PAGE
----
Welcome to the Monday, April 26, Brew. Here’s what’s in store for you as you start your day:
- Highlights from our latest State Ballot Measure Monthly newsletter
- Troy Carter wins Louisiana’s 2nd Congressional District special election
- COVID-19 policy changes and events one year ago this week
Highlights from our latest State Ballot Measure Monthly newsletter
In case you don’t receive our State Ballot Measure Monthly newsletter, the most recent issue hit inboxes on Friday—April 23—and it’s a great one. The April edition of SBMM covers 19 new 2022 certified ballot measures as well as initiative restrictions. We’ve also updated the numbers below to include two new measures in Montana that were certified in recent days.
Twenty-one statewide measures were certified for the 2022 ballot from March 16 through April 22 in 12 states. This brought the total number of 2022 statewide measures certified so far up to 30 in 17 states. An average of 22 measures were certified for even-year ballots by this point from 2011 through 2019. No new 2021 measures were certified.
Here are a few highlights from the April edition of SBMM:
- After gaining the supermajority required in November 2020, Republican lawmakers in West Virginia put a constitutional amendment on the 2022 ballot that would say that no state court has any authority over impeachment proceedings or judgments.
- The amendment is in response to impeachment proceedings against supreme court justices in 2018 that temporary supreme court justices blocked from going to trial.
- Arkansas, Idaho, and Kentucky voters will decide in 2022 whether to give their legislatures the power to call themselves into special session. These measures were proposed partially in response to COVID-19.
- In Idaho, the legislature passed and Gov. Brad Little (R) signed Senate Bill 1110 to increase signature distribution requirements for ballot initiatives.
- Arkansas, South Dakota, and Utah legislators also passed ballot measure restrictions. Arkansas voters will decide a constitutional amendment in 2022 that would require 60% supermajority voter approval for any future constitutional amendments or initiated state statutes.
Click below to read the full April edition of SBMM.
Troy Carter wins Louisiana’s 2nd Congressional District special election
Troy Carter (D) won the special election for Louisiana’s 2nd Congressional District on Saturday—April 24. Carter received 55.2% of the vote, and fellow Democrat Karen Peterson received 44.8%. The two advanced to the general election from the March 20 all-party primary. Carter was elected to the state Senate in 2015 and has previously served in the Louisiana House of Representatives and the New Orleans City Council.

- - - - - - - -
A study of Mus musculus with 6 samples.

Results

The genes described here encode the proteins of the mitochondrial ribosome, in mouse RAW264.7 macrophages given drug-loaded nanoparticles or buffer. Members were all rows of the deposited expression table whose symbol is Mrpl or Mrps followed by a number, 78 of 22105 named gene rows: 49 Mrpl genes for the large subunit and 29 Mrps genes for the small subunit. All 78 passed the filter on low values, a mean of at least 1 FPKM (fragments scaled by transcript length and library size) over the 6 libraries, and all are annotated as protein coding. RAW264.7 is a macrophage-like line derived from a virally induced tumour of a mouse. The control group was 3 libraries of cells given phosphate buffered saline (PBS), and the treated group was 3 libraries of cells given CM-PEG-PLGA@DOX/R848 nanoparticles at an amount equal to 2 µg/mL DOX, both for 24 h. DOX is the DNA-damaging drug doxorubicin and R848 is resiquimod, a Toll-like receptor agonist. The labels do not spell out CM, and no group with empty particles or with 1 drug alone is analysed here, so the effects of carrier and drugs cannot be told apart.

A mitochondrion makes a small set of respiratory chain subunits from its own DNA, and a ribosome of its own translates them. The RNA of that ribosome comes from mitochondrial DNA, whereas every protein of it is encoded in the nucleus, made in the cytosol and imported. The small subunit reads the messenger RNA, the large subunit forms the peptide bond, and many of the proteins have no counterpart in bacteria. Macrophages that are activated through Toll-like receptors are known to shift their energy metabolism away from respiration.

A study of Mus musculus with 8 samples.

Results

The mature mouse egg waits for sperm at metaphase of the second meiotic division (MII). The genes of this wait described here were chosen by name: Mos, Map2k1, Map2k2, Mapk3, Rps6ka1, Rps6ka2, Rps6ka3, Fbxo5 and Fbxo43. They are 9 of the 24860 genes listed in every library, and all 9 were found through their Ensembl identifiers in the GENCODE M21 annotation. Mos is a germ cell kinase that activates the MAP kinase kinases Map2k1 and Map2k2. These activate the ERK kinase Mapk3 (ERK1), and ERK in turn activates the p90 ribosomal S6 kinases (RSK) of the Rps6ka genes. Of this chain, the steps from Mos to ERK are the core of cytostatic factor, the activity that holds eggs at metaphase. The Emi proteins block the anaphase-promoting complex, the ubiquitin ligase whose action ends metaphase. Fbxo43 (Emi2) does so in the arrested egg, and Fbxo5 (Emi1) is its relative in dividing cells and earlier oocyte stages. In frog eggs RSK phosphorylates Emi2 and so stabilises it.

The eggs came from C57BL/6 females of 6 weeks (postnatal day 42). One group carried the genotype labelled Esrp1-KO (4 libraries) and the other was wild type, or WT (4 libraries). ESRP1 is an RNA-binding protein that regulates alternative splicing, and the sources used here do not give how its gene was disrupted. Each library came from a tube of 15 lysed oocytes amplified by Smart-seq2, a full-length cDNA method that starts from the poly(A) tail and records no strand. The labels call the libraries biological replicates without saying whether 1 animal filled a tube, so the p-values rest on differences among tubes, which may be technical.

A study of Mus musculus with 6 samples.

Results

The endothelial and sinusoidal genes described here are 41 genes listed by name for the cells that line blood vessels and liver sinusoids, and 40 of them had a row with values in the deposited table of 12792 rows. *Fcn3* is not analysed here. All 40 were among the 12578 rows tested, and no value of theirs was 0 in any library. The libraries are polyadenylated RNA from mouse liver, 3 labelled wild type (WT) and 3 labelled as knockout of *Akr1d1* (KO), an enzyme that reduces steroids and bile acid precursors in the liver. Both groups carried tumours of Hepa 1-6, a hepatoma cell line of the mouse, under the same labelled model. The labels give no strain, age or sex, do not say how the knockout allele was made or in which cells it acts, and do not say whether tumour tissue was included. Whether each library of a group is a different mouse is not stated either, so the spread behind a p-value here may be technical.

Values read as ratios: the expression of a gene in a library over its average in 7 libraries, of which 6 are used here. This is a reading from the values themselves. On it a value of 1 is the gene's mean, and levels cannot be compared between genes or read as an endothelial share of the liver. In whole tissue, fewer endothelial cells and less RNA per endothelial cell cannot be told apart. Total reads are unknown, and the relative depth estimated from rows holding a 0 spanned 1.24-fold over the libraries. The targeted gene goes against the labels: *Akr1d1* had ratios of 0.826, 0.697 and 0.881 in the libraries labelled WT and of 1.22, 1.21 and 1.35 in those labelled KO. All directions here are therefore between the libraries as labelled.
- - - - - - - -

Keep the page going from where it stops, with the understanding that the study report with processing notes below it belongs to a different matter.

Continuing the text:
Former incumbent Cedric Richmond (D) and several U.S. House members endorsed Carter, a state senator. Peterson, who is also a state senator, had endorsements from 2018 Georgia gubernatorial candidate Stacey Abrams (D) and Gary Chambers (D), who finished third in the primary.
Richmond resigned in January to become a senior adviser to President Joe Biden (D) and director of the White House Office of Public Engagement. He was first elected in 2010 and won re-election last year with 63.9% of the vote. Since 2000, the seat has been occupied by a Democrat in all years except 2009-2011, when it was occupied by Joseph Cao (R).
Carter and Peterson both supported legalizing marijuana, ending cash bail, forgiving student debt loans for up to $50,000, and a moratorium on new oil and gas leases on federal land and waters. They also supported increasing the federal minimum wage but disagreed on what it should be raised to. Carter supported a $15 per hour minimum wage, while Peterson said she would support raising it to $20 per hour. The candidates also differed on healthcare policy, with Carter supporting a public option and Peterson supporting a Medicare for All plan.
This was the second special election decided for the 117th Congress. On March 20, voters in Louisiana’s 5th Congressional District elected Julia Letlow (R) in a special election to fill the vacancy left by Luke Letlow (R), who died before being seated in the 117th Congress from complications related to COVID-19.
COVID-19 policy changes and events one year ago this week
We continue our Monday series highlighting policy changes and events related to the coronavirus pandemic from one year ago this week. Five major events are below.
- On April 27, 2020, Mississippi’s stay-at-home order became the fourth to expire. Alaska’s stay-at-home order expired first on April 24, while Montana’s and Colorado’s each ended on April 26.
- On April 27, the New York State Board of Elections canceled the Democratic presidential preference primary, which had been scheduled for June 23, 2020.
- On April 28, President Donald Trump (R) signed an executive order aimed at keeping meat processing plants open throughout the country. Trump invoked the Defense Production Act to designate meat processing plants as critical infrastructure.
- On April 29, Wyoming Gov. Mark Gordon (R) extended the statewide closure of schools to in-person instruction from April 30 to May 15.
- On April 30, stay-at-home orders in Texas, Tennessee, Idaho, Georgia, and Alabama expired. Thirty-four stay-at-home orders remained in place.
Click the link below for more policy changes and events from one year ago this week.